Merchant Innovation

MoneyStream Looks to the Future with $3.2M Investment

The predictive technology of MoneyStream has earned it $3.2 million in Series A funding.

It was announced yesterday (April 16) that the company — which touts itself as the world’s first forward-looking personal finance service — secured the financing in the round led by H&R Block, with additional funding from angel investors including Bruno Bowden and Kim Polese.

Designed to enable consumers to see how much money they will have on a day-by-day basis throughout the year, MoneyStream utilizes predictive algorithms that automatically scan transactions and detect upcoming charges based on payment history.

“Consumers have had to rely on a financial rearview mirror until now. They only knew where their money went, not where it would be in the future,” Mike Bertrand, CEO of MoneyStream, said in a press release. “Finances are unpredictable and current tools are built around the assumption of consistent income. MoneyStream’s money management ecosystem creates predictability in a largely unpredictable space.”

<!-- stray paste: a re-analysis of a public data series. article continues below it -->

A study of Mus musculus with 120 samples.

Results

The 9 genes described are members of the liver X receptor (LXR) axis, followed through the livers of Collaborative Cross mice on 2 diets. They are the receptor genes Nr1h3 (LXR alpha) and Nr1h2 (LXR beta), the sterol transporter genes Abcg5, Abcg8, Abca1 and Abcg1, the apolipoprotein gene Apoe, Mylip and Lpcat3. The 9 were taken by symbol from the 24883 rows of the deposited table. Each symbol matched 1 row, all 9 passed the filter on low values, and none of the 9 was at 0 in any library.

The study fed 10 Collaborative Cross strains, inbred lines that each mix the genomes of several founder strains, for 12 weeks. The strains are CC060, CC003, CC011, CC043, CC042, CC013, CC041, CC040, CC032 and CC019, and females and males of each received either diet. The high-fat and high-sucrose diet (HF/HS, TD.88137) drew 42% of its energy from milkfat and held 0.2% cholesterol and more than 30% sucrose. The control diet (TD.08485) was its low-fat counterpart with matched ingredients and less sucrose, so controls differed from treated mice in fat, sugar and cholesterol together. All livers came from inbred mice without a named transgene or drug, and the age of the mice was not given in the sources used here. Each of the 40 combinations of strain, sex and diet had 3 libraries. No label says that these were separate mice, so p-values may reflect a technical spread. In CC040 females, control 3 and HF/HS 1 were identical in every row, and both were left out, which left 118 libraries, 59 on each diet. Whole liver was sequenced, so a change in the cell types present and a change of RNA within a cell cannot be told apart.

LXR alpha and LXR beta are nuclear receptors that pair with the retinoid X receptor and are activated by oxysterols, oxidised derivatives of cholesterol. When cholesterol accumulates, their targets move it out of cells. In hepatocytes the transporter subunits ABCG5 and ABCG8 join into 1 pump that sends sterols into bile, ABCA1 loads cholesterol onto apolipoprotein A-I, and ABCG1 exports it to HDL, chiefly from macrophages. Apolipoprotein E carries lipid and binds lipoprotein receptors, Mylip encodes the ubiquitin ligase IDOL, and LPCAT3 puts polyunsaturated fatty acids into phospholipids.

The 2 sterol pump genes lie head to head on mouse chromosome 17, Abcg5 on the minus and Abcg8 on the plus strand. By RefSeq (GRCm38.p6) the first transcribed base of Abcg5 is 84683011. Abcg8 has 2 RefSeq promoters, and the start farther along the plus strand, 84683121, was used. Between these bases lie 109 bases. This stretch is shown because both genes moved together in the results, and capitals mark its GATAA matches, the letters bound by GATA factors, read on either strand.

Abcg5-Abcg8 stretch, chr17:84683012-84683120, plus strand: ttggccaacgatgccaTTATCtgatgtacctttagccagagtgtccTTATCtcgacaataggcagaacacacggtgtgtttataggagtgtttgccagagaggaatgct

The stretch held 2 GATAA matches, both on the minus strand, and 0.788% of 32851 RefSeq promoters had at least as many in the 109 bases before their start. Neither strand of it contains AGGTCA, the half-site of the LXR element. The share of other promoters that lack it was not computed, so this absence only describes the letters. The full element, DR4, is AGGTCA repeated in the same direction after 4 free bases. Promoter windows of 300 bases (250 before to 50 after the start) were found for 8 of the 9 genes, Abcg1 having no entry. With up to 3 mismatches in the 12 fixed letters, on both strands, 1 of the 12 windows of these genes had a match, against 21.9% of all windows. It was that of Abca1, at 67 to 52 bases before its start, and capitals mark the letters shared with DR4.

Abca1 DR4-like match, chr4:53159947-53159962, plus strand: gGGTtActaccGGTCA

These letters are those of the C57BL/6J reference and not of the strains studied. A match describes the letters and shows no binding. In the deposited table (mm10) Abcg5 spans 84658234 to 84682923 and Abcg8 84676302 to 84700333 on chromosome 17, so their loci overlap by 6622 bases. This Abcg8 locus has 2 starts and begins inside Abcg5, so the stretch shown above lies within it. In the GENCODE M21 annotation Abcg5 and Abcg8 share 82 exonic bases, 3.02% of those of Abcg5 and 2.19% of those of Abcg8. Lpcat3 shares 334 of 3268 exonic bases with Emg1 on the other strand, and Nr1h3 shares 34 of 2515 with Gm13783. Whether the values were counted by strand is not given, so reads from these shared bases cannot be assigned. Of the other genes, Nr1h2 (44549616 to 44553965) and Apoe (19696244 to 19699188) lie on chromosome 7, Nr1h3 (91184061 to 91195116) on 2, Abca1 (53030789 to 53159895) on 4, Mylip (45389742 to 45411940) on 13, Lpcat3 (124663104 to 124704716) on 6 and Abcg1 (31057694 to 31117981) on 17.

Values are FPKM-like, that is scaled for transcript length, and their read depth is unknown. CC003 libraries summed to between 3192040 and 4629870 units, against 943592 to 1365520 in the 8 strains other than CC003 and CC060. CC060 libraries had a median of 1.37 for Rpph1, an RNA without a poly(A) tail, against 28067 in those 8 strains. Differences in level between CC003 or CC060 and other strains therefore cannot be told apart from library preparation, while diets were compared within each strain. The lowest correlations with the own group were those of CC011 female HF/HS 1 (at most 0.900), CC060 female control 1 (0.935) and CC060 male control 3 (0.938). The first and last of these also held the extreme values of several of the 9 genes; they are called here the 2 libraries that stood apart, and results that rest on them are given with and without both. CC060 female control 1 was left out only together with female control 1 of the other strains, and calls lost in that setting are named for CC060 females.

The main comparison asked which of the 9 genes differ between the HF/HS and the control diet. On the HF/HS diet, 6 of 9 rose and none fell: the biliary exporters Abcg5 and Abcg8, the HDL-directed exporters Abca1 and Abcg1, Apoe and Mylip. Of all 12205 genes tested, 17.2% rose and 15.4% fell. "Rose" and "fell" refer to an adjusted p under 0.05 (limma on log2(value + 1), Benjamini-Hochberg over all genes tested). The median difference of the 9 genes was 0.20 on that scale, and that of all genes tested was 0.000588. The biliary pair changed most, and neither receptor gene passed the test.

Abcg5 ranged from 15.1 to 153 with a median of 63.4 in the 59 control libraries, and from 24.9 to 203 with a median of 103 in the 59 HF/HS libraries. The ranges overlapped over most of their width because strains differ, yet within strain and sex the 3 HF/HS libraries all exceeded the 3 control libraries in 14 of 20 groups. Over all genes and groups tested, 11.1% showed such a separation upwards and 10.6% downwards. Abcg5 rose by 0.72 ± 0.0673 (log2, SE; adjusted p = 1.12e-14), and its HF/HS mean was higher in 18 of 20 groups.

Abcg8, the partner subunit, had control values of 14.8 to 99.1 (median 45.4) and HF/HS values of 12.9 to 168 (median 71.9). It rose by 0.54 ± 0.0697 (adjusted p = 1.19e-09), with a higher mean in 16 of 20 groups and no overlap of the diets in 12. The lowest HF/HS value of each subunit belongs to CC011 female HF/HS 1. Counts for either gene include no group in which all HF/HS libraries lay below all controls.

Once connected to a user’s bank account, MoneyStream organizes all of his or her information into a graphical calendar that shows both past and projected future cash flows. The service also provides alerts that are initiated by any unusual financial activity.

Beyond its predictive algorithms (and its user interface), MoneyStream states to hold claim on proprietary network protocols that allow it access to credentials from more financial institutions and billers than any of its competitors in the space.

“H&R is very focused on delivering innovative services for our clients,” commented Jason Houseworth, President of U.S. Tax Product and Strategy Development at H&R Block, according to the release. “MoneyStream’s ability to integrate information from so many different sources to forecast cash flow and provide a holistic financial view meets our unique business requirements.”


New PYMNTS Report: Preventing Financial Crimes Playbook – July 2020 

Call it the great tug-of-war. Fraudsters are teaming up to form elaborate rings that work in sync to launch account takeovers. Chris Tremont, EVP at Radius Bank, tells PYMNTS that financial institutions (FIs) can beat such highly organized fraudsters at their own game. In the July 2020 Preventing Financial Crimes Playbook, Tremont lays out how.